The Dead Sea, Israel
Time / Date:
4:47:57 PM / December 25, 2013
Camera Body: Canon 5D Mark II
Lens: Canon EF 35mm f/1.4
Shutter Speed: 1/125
Focal Length: 35mm
In December 2013, I spent ten days on a group trip to Israel as part of Birthright. For those not familiar, if you can prove that you have Jewish heritage/ancestry, you are eligible for a free trip to Israel through various groups. I had been putting off applying for the trip for years, but I am coming close to aging out of being eligible, so I finally applied and was accepted onto a trip before the end of 2013. During my time there, we were shuttled throughout the entire country, cramming in every sight that we could possible get. I used this free trip as an opportunity to photograph my surroundings and also the group I traveled with. Unfortunately we were running a bit behind and our time at the Dead Sea was pretty limited, but I still had time to not only cover myself in mud and float in the sea, but also shoot some images.
This image was taken right before the beach closed for the day. Before you enter the sea, there is a giant mud pit that they encourage you to enter and cover yourself in. The mud supposedly is not only great for your skin, but also apparently has the ability to ease muscular pain and joint issues. People often cover themselves head to toe in mud and then float in the sea for as long as they can. We were running short on time, so our group was rushing to wash off the mud before getting back on our tour bus. I loved the look of the shower intensely spraying while everyone was rushing to clean off. That combined with the grey, overcast day gave everything a nice soft look and my eye was immediately attracted to this scene.
I brought three cameras for this trip, the Canon 5D Mark II, a Mamiya 6 Medium Format Rangefinder, and a 35mm Yashica T4 (which unfortunately died on the last day of the trip, on my last exposure, of my last roll of film). For the 5D I was shooting strictly with the 24-70mm f/2.8 and the 35mm f/1.4 and occasionally using a Tiffen 77mm 1.2 Neutral Density Adapter (I bought an adapter so I could use it on my 35mm which has a 72mm thread). I knew I wanted to shoot as much as possible with film and digital, so I was often switching between different cameras and film to try and get as much as I could. Since we had limited time, I was shooting mostly with my digital camera at the Dead Sea.
Making the Shot:
This image was made during the end of the day as the sun was beginning to set. It was an overcast as well which gave a nice even, soft light to everything. My eye was drawn to this shower scene and I simply found a place to stand and a composition that I thought was nice and just rapidly took a bunch of images. I didn’t want to influence the scene and ask the subject to pose, so I simply fired off a ton of shots and hoped I got something I was happy with. Thankfully these were all people from my trip, so they were used to me taking photos of our surroundings and them constantly.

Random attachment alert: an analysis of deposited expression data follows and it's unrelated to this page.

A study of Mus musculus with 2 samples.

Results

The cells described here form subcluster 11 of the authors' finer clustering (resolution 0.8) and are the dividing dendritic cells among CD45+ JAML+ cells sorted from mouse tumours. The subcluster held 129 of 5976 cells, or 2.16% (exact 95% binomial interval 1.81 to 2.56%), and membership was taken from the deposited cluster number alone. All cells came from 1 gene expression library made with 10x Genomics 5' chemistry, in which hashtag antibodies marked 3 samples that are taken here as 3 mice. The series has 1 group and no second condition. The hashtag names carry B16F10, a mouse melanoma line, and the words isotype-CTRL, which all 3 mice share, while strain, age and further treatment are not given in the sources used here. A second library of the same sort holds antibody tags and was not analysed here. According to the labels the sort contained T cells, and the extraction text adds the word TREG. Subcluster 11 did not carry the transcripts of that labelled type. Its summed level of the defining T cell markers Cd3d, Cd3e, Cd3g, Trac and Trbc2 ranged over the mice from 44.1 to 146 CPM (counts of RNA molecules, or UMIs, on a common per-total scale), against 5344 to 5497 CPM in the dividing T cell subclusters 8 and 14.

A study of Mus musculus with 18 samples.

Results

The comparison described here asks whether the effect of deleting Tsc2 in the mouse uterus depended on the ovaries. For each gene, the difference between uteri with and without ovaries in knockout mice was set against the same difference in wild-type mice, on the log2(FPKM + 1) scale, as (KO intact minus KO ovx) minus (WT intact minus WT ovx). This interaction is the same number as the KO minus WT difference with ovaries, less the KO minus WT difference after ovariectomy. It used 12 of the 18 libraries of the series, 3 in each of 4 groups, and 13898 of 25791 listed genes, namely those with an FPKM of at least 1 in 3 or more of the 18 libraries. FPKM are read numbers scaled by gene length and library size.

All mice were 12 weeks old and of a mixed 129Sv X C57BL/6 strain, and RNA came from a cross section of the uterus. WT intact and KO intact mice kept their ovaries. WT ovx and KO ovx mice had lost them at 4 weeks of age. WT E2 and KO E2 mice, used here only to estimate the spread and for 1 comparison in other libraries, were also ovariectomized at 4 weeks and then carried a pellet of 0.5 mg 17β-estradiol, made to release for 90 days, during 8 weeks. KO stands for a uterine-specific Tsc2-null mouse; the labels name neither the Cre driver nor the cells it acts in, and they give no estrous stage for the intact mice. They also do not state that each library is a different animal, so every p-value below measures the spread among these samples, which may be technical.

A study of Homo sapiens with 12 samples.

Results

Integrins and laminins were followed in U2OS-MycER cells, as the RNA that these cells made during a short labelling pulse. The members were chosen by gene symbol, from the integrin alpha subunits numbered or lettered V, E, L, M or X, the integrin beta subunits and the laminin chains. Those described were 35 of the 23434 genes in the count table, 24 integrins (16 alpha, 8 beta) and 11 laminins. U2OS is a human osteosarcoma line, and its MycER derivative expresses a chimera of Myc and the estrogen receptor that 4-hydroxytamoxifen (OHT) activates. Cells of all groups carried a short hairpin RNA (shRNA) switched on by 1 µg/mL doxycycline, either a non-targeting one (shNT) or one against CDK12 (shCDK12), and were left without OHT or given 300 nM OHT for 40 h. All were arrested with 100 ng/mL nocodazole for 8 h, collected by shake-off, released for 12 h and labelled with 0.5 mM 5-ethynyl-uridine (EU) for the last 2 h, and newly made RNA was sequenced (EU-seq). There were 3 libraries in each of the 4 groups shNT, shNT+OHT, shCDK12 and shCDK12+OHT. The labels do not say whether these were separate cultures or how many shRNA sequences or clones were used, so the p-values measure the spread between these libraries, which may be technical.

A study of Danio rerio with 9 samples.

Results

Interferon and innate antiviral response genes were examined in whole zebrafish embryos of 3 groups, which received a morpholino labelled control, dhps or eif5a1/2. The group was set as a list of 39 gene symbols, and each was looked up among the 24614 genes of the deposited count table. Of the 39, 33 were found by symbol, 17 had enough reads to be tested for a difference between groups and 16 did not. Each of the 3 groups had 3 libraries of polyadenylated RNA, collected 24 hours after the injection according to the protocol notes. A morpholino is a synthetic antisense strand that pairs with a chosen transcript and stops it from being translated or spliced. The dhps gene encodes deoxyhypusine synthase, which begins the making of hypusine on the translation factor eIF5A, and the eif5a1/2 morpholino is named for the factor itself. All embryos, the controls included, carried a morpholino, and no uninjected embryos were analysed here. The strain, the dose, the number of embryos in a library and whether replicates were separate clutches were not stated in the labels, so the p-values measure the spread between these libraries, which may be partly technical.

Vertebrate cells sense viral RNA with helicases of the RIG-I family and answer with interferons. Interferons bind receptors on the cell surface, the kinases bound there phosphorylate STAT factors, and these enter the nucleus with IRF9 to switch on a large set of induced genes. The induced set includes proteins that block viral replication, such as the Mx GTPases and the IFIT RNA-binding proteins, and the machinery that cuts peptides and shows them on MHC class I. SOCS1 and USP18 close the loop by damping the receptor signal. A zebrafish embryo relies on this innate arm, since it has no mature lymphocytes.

Editing & Processing:
I edit with Lightroom 4 and occasionally Photoshop CS3. My editing process is pretty quick and straightforward. I like warm, contrasty images. For this image I warmed up the color temperature a bit and adjusted the Tone Curve to bring out the lights and lower the darks. I frequently do this with the Tone Curve to exaggerate contrast instead of just messing with the “Contrast” slider since I feel like I get better results for what I am looking for. I also did a bit of a work in the “PostCrop Vignetting” section by bringing down the highlight priority amount just a touch. I do this to exaggerate the depth of field, especially when shooting with the 35mm f/1.4 lens. This image came out very crisp and sharp at f/2.2 and I just wanted to amplify that a bit more.
I chose this image since I felt it had the perfect combination of expression, background, and water spraying that I was looking for. According to my Lightroom catalog, I took 16 images in a row of this scene and this particular image stood out the most. I’ve been trying to push myself in my personal work to act more like a fly on the wall and this type of image helps me realize that I can get over my nerves and photograph people without being self conscious. It’s something I aim and strive for whenever I pick up a camera and getting an image like this that I am happy with only serves to reinforce that.
The biggest part of making this image was that I was able to see it in my head before I even pressed the shutter. I knew the image I wanted to get, so I went for it. Previsualizing a scene and knowing what you want to get out of it is a skill that I am still working on, but over the years I have realized its one of the most important aspects of photography. Whether I’m working on personal or paid work, I alway try to go into a shoot knowing that I want to get out of it. That being said, I’m always open to another setup or idea happening, but it helps to have an image in mind and push for that when you’re working. Thankfully for this image, it was pretty straightforward and the scene basically set up itself. If only it were always that easy all the time!
I am constantly looking at other peoples work to see who is shooting what, who is coming up, what I like, etc. I follow a lot of photo blogs and photographers on social media and just try to keep me ear to the ground. It’s great finding someone as they are starting out and really watching them evolve quickly and get better and better. Someone like Bobby Doherty is a great example of this. I stumbled onto his work a year or two ago and now he’s shooting incredible work on a weekly basis for NY Mag. I also think introspection is also incredibly important and I look over my old work on a regular basis to see how I can improve and what I should be working on.